The Austin Chronicle this week endorsed the measure, arguing "As long as we're jailing them, we should at least try to do it right." That's a faulty assumption, though -- there's no need for Travis to be jailing many of these inmates. The Chron worried that inmates presently are being housed, on contract, at the troubled privately run jail in Frio County at significant expense. That's a real concern, but not a reason to approve new bonds.
Travis officials don't deserve new jail bond authority because they haven't taken available steps to reduce overincarceration pressures short of new building. In particular, more than 60 percent of Travis jail inmates are incarcerated awaiting trial. Other counties have addressed this problem by boosting their use of personal bonds. That's also what Travis County should do -- it'd be a lot cheaper than building more jail space.
Right now, Travis does not comprehensively screen defendants during the pre-trial phase to identify those who are low flight risks, but if they did it would significantly affect the jail population numbers. Harris County has a fine pre-trial screening program that interviews most defendants. Though its utility is limited because some of their judges won't use the system, Harris County's pretrial detention rate is lower than Travis' -- 42.4 percent of jail inmates as compared with Travis' 60.7 percent. (See current statewide jail population report.)
If Travis County started screening inmates and releasing petty defendants on personal bond as often as in Harris (and nobody ever accused Harris County law enforcement of being soft on crime), it would lower the jail population by more than 500 inmates; since about 100 inmates are presently housed in Frio County, that simple reform could completely resolve the immediate crisis.
A decade ago, only 30 percent of inmates in county jails statewide were defendants awaiting trial, but the number shot up since then, contributing significantly to the statewide jail overcrowding mess. If Travis could reduce pretrial detention to those levels, it would free up more than 800 jail beds and solve the problem for the foreseeable future.
What's more, there's a real question whether Travis County can be counted on to fix the problem, even if voters authorize new bond money, since past jail-bonds were supposed to have already solved the capacity problem. Reported the Statesman in 2001:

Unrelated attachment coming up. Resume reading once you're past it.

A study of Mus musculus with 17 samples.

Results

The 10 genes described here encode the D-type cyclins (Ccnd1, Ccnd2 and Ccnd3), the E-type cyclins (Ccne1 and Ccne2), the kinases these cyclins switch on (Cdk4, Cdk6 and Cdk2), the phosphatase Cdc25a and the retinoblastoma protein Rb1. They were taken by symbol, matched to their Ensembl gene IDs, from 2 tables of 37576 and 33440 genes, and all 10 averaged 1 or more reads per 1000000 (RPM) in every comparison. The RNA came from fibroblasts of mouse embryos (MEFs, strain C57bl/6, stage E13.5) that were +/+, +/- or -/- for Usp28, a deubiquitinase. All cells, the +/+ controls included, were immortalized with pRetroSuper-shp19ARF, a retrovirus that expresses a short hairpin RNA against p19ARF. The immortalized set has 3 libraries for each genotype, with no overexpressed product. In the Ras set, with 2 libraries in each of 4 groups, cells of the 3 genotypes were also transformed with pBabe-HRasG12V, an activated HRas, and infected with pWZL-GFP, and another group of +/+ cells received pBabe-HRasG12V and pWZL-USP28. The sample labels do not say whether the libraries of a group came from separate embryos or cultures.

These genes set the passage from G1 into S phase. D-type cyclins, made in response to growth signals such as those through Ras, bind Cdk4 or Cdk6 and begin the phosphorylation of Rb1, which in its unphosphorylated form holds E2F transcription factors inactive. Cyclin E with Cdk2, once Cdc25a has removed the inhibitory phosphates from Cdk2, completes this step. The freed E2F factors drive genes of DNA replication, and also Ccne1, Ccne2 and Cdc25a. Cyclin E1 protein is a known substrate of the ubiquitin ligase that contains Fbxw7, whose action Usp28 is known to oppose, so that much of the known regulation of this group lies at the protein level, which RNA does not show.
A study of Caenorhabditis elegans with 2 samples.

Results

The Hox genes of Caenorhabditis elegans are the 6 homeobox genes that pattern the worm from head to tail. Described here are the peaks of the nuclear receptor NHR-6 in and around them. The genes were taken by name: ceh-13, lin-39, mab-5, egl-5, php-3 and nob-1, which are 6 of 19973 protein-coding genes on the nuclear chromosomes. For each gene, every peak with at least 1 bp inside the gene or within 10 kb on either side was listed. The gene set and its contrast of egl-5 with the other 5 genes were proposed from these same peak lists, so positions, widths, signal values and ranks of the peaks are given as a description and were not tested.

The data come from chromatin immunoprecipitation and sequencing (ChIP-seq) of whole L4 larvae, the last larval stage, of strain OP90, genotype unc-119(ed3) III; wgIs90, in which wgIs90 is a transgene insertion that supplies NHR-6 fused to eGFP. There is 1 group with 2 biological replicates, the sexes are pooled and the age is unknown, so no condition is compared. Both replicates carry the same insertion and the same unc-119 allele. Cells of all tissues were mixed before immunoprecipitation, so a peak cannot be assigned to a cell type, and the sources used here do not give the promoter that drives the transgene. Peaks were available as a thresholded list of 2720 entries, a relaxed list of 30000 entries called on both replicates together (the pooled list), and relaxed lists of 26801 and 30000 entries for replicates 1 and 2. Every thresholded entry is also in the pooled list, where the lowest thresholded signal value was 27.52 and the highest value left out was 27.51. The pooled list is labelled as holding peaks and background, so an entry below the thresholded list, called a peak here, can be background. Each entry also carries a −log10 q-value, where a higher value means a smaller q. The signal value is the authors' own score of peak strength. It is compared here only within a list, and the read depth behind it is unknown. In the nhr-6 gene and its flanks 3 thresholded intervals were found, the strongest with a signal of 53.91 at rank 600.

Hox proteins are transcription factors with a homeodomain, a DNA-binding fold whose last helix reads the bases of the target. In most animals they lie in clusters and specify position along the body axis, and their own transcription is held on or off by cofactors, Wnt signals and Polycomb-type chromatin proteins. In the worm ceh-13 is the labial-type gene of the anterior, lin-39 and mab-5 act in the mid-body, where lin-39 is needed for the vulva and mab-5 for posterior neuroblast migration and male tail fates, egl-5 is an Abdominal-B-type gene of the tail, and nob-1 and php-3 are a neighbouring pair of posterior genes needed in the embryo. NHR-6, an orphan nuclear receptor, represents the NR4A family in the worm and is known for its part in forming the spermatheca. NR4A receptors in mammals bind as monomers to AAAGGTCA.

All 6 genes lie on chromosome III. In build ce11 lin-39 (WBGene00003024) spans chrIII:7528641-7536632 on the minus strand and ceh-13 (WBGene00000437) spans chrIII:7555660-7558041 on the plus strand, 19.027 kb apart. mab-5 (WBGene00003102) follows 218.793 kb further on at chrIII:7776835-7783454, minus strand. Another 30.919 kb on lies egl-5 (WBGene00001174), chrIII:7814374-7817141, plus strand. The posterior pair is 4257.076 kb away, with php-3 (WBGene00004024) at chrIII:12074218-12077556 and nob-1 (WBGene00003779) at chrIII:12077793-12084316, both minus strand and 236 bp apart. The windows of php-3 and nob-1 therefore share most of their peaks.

With about 2,800 inmates currently in the Travis County jail, that earlier bond issue should have already fixed Travis' overcrowding problems. But here we are. So why would anyone think additional debt will be spent well? The timing, too could contribute to predictable cost overruns thanks to higher costs for building materials caused by the rebuilding of New Orleans after Hurricane Katrina. There's just no guarantee Travis taxpayers, in the end, will get what we pay for.
voters approved $67.7 million in bonds to boost the jails' capacity to 3,600 by 2003. But much of that money was diverted to pay for large budget overruns on the new downtown Criminal Justice Center. Travis County
The county scrapped most of the proposed Del Valle beds, at the advice of a project manager it later sued, to make way for other jail services such as a health center. Fewer than half of the extra beds materialized. At other facilities, some beds wait empty because of a lack of guards."The issues we're talking about now are the same issues we were talking about in 1972,"
said. "There's a history of these problems." [Austin attorney Bobby] Taylor
Travis County could have fixed this problem the last time voters authorized jail bonds. Or it could spend money to improve pretrial screening of defendants to manage its jail population better. But it's premature to issue $23 million in new debt when other options exist to reduce the jail population.
Thanks to Bob for reminding me to write this.